Most students at the University of Houston don’t live on campus. In fact, around 85 percent commute every day to get to campus. I am in that 85 percent and I have been commuting for the last three years. Although I don’t mind commuting, it does have its pros and cons.
One of the good things is that I don’t have to deal with dorms or roommates. Campus dorms can be pretty expensive and not everyone can afford them. Besides, people barely fit in there. For a somewhat claustrophobic person, the thought of sharing a room with a complete stranger is not something that sounds appealing.
Another thing that I like about commuting is that you don’t have to eat on campus. Sure, sometimes when I’m feeling hungry I buy food, but for the most part I eat at home. Being a commuter has made me appreciate my mom’s food so much more, and not to mention how much money it’s saved me.
You also get to arrive to and leave campus whenever you please. I’ve sometimes only had to go to campus for one class, but I’ll try to make the most out of my trip by getting some work done in the library. This is especially helpful during midterms and finals because the library provides an ideal place to study. If I go home, I’ll probably just go straight to my bed.
Like everything, commuting also comes with its disadvantages.
One of the downsides is that you have to wake up earlier to get to class. Especially when you have an 8:30 a.m. class. I will usually wake up at 5:30 a.m., and leave around 6:45 a.m. to catch the bus. I try to study on the bus and you will probably always see me half-asleep with a textbook in my hand.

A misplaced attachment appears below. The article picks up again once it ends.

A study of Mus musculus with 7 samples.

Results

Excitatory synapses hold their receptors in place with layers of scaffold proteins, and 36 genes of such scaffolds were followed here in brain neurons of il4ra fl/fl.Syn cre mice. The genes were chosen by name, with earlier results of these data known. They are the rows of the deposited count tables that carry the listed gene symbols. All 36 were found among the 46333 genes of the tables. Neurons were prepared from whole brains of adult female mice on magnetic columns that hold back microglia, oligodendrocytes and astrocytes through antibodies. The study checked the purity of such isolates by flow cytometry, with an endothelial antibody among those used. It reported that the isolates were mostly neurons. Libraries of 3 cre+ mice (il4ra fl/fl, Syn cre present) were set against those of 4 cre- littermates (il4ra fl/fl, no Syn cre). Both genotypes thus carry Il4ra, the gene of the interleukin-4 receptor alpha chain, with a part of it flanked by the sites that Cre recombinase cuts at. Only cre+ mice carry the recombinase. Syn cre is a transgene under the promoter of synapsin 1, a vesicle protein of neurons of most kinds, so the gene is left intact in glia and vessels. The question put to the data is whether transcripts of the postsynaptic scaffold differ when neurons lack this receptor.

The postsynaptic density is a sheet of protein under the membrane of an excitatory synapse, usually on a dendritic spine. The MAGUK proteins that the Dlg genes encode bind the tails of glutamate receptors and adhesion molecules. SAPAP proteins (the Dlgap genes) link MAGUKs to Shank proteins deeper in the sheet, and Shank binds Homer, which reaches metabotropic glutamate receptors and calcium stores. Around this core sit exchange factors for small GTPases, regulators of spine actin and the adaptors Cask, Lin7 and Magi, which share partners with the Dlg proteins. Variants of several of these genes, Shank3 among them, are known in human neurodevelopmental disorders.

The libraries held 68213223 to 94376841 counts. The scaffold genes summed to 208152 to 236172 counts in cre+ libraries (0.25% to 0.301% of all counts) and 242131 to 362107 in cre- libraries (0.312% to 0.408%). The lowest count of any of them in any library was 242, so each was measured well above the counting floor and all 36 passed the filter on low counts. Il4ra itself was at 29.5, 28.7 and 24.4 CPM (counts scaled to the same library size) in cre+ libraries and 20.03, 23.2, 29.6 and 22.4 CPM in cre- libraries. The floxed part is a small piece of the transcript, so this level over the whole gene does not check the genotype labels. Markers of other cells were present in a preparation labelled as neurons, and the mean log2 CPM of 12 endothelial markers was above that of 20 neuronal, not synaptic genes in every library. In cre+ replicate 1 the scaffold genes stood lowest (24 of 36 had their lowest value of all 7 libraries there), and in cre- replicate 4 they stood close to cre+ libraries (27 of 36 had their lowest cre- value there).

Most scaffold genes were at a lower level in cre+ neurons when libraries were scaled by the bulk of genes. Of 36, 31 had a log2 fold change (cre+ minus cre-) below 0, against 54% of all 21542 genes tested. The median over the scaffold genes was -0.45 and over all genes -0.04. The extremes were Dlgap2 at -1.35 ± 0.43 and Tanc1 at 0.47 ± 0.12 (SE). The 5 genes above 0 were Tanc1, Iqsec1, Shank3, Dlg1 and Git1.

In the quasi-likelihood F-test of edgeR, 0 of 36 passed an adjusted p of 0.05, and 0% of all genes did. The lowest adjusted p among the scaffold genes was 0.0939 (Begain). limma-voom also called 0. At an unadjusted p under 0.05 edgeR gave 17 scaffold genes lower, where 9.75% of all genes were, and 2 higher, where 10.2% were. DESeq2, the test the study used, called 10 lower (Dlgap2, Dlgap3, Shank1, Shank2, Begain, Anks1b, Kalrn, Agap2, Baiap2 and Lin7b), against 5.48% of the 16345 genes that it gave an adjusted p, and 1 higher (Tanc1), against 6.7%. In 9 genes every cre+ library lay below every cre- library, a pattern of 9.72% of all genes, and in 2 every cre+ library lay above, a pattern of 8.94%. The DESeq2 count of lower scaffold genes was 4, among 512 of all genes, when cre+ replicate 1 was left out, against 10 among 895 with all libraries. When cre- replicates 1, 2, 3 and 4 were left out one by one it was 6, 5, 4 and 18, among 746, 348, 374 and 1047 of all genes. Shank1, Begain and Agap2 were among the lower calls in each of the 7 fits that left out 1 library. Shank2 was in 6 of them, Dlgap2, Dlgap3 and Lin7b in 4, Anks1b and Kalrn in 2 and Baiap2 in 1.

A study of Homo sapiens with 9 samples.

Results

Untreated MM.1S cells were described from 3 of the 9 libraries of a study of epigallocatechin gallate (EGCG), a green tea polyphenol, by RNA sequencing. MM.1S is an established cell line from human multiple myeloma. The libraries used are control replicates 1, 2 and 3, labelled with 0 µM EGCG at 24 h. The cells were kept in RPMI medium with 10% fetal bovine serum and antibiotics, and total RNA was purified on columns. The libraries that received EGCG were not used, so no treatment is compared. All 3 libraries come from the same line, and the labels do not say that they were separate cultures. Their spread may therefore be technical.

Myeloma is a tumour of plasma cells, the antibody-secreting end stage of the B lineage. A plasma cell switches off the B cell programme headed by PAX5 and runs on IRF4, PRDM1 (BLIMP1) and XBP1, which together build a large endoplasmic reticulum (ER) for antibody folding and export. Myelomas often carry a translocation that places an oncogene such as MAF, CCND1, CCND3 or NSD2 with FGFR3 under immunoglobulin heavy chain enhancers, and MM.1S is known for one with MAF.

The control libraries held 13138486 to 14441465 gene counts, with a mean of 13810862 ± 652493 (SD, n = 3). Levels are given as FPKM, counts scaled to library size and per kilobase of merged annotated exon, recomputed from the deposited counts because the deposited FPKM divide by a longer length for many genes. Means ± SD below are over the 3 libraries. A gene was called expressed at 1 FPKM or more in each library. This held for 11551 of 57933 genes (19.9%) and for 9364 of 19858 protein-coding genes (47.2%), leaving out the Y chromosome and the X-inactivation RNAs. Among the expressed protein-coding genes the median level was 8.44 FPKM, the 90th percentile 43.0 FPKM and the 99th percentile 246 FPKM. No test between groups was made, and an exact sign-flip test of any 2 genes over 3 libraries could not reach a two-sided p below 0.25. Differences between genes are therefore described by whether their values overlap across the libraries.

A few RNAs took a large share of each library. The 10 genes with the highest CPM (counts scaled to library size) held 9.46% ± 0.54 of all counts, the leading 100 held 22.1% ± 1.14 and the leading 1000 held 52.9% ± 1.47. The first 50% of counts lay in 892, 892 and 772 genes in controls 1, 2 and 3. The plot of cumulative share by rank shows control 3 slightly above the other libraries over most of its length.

Which brings me to my next point. Transportation. As I said, I take the bus. Luckily, the bus route that I take stops in front of my apartments and stops by Cullen and Holman. My classrooms are never that far from that point. The only thing is that traffic combined with frequent bus stops, you can get easily irritated, but not more than the students that drive to campus. I’ve heard horror stories of students getting to campus quickly only to spend more time trying to find a parking space.
Another disadvantage is that I have not been that involved with campus life. UH has a variety of interesting clubs, but being a full-time student that commutes from somewhat far away, it’s hard. Most general meetings are after 6 p.m. and by that time I’m either riding the bus, or I’m home. My commuting time can range from 1 hour to 1.5 hours, so it’s important for me to get home and do what I need to do so that I am well-rested the next day.
In sum, commuting can be somewhat of a hassle, but it also has a good side. It can teach you how to be more independent and responsible without leaving the comfort of your home. But whether you commute or live on campus it’s important to remember that we are here to have a better future and that is worth any sacrifice.